Monday, 24 June 2024

Credit Suisse and tycoon court fight tests Singapore’s wealth-hub goal

5 min read

By Wealth and Society

Wealthy individuals may watch the Singapore leg of the Credit Suisse court dispute with Georgia’s tycoon and ex-prime minister Bidzina Ivanishvili for cues on how well the Singapore court system handles such high-value disputes

A court case in Singapore pitting Republic of Georgia's former premier Bidzina Ivanishvili against Credit Suisse Group over allegations of negligence at a unit of the Swiss bank that cost the plaintiff $800 million in losses has cast a spotlight on the city-state’s ambition as a global wealth hub by testing its courts’ ability to resolve high-value disputes.

Ivanishvili, 66, has accused Credit Suisse Trust in a Singapore court this week of failing to protect his investments and take steps necessary to prevent losses linked to fraud committed by its former Geneva-based banker Patrice Lescaudron. Singapore is the latest stop in the tycoon’s string of lawsuits across multiple locales against the bank to claw back monies he claims to have lost through the bank’s neglect. In March, a Bermuda court ruled in favour of Ivanishvili, and directed the bank’s local insurance arm to pay damages of more than $500 million . Ivanishvili has a net worth of $4.8 billion, estimates Forbes Magazine, having made his fortune in the metals and banking business in neighbouring Russia.

High net-worth individuals may watch this case closely for cues on how well the Singapore court system handles such high-value disputes involving one of their own. This could inform them on how much wealth to park in Singapore vis-à-vis rival hubs like Geneva, and how active a role they play in making wealth-management decisions with banks.

“Clients want to have their money managed in countries with strong legal frameworks,” said Peter Deans, director of Sydney-based Notwithoutrisk Consulting. “Singapore has a good reputation in that regard; it wouldn’t have a lot of Western firms based there if there were any concerns about the law.”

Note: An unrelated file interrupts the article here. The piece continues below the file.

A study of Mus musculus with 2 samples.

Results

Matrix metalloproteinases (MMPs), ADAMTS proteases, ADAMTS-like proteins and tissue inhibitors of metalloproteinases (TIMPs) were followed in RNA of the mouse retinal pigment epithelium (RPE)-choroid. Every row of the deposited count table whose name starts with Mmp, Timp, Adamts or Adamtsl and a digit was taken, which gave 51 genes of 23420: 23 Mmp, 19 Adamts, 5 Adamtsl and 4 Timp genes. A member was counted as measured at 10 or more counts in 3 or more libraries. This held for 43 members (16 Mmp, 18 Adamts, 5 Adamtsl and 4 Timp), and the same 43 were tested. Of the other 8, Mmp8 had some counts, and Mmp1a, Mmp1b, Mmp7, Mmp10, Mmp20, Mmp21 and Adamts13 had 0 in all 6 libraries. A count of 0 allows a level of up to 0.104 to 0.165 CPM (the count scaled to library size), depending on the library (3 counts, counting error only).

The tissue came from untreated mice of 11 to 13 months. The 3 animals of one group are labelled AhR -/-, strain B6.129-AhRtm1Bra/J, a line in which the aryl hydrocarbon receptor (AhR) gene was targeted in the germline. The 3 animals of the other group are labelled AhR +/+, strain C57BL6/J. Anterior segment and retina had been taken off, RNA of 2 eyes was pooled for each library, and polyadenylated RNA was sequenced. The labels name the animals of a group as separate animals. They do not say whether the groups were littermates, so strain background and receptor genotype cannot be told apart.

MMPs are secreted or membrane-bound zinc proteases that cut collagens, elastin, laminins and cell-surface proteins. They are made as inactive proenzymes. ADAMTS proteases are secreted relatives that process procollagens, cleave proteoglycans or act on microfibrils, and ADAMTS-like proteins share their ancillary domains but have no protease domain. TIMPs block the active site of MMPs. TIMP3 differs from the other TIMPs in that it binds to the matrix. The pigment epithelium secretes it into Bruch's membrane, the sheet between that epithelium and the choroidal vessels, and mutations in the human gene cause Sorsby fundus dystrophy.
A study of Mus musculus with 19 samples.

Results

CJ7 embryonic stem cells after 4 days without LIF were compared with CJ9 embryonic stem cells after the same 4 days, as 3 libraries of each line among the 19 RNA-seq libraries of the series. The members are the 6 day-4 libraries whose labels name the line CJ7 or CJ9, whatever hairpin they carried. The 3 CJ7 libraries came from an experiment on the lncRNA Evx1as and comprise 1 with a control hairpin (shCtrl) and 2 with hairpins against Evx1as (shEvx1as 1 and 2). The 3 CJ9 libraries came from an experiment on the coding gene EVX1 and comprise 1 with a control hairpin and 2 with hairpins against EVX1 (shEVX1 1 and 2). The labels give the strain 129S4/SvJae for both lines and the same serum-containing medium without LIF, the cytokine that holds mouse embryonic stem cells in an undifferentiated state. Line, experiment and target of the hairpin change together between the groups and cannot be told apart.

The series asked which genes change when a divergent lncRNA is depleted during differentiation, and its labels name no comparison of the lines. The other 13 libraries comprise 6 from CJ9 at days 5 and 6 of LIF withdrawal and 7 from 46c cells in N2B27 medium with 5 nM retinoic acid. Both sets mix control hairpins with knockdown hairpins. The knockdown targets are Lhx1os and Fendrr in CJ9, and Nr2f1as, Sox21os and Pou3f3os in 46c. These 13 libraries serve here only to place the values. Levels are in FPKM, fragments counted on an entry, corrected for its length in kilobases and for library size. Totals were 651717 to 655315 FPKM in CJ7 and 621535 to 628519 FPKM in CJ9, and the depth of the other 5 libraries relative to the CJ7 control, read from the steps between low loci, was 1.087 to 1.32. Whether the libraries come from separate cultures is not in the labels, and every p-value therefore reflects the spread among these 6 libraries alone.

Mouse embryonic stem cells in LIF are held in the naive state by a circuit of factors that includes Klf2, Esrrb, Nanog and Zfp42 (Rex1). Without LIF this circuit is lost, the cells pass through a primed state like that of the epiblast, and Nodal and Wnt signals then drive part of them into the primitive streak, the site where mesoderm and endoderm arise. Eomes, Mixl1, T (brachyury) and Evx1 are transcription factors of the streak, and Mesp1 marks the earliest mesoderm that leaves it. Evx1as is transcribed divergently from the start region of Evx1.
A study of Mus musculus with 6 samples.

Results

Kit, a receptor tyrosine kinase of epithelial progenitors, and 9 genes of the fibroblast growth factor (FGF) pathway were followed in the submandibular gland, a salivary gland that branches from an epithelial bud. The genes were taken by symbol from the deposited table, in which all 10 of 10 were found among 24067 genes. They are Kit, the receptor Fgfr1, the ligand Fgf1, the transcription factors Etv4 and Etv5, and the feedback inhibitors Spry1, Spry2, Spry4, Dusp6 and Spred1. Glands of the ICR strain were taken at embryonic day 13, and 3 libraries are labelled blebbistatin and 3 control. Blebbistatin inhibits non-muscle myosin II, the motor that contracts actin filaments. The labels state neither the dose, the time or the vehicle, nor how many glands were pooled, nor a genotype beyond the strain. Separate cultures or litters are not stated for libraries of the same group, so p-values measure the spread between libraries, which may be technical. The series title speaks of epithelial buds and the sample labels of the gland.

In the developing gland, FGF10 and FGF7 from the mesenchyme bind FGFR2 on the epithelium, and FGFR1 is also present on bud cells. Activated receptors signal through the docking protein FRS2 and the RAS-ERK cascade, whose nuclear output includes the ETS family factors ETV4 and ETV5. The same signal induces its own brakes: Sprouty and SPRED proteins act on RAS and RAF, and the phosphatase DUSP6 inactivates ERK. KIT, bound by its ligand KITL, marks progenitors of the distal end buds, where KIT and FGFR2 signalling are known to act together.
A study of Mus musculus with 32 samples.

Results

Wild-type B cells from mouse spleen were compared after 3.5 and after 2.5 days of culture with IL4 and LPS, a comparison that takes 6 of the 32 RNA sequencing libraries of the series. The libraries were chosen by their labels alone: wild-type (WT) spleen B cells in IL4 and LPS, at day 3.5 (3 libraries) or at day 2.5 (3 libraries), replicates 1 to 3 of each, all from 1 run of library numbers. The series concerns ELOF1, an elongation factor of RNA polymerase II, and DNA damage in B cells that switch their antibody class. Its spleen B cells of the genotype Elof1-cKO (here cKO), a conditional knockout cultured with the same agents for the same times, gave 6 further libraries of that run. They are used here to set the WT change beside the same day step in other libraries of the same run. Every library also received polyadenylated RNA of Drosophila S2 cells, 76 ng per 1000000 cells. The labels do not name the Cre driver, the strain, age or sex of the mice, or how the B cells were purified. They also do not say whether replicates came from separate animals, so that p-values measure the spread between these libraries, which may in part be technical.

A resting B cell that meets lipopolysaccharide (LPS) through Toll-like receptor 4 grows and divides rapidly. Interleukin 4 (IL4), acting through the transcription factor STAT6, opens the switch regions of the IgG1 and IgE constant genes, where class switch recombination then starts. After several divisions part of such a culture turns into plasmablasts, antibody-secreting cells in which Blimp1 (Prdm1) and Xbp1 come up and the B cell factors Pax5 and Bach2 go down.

The New Zealand High Court had dismissed Ivanishvili’s case in 2018 after the bank’s argument that Switzerland was the right jurisdiction; but the Singapore courts chose to take on the case with the defendant being just the trust, not the bank.

“It’s overwhelmingly sensible” for Singapore to hear this case, said Matthew Fleming, a partner at KordaMentha, a Sydney-based corporate advisory firm. “It is a natural progression from port to financial hub; it signals to the world that it’s mature enough to have rules, and that it will police them.”

Singapore, a city-state of 5 million about the size of New York City, is positioning itself as a global wealth hub. Singapore ranked a close second behind Switzerland and just ahead of Hong Kong in 2021 as the world’s most competitive wealth hub, according to a survey by Deloitte; while Singapore scored well on innovation and neutrality, it lagged Switzerland that set the “global 'platinum standard' for secrecy and privacy in digital wealth management”, according to Deloitte.

Singapore’s total assets under management (AUM) reached SGD4.7 trillion ($3.35 trillion) in 2020, 17% more than the year before and faster than 11% gain worldwide, according to the Monetary Authority of Singapore (MAS); 78% of the AUM was sourced from outside the city state.

In a sign of Asia’s burgeoning wealth, an increasing number of families are consolidating their monies in Singapore through formal structures like family offices. The MAS said, in a separate report, that the number of family offices quintupled between 2017 and 2019; as of February 2022, Singapore had more than 400 family offices. In March 2019, MAS set up the Family Office Development Team with Singapore’s Economic Development Board to improve the operating environment of family office by attracting more professionals.

High net-worth individuals choose Singapore for its sound financial regulation, strong rule of law, as well as political and economic stability. Singapore authorities have been working to tailor regulations and expand the suite of wealth management services that allow such wealthy individuals to access global investment products.

Mechanisms that ensure disputes are properly resolved also will enhance Singapore’s standing as a wealth-management hub. Even so, more complex cases such as Ivanishvili’s would have broader lessons and implications beyond Singapore.

“This case reinforces in many respects the fiduciary obligations banks have towards clients: to prudently manage their assets and to protect these assets from a range of risks – including fraud and misconduct,” Deans said. 

In a statement read to the court this week, Ivanishvili's lawyers Cavinder Bull and Woo Shu Yan of Drew & Napier said their client had placed $1.1 billion under the custodianship of the Credit Suisse Trust in 2005. Lescaudron was Credit Suisse's channel for Ivanishvili's business and began fraudulently mismanaging the trust's investments and "misappropriating" the funds within as early as 2007, the statement said. Credit Suisse is represented by Allen & Gledhill; it did not respond to e-mailed requests and calls for comment.

Lescaudron was convicted by a Swiss court in 2018 of forging the signatures of former clients, including Ivanishvili, over an eight-year period, court documents said.

The case continues before Judge Patricia Bergin at the Singapore International Commercial Court.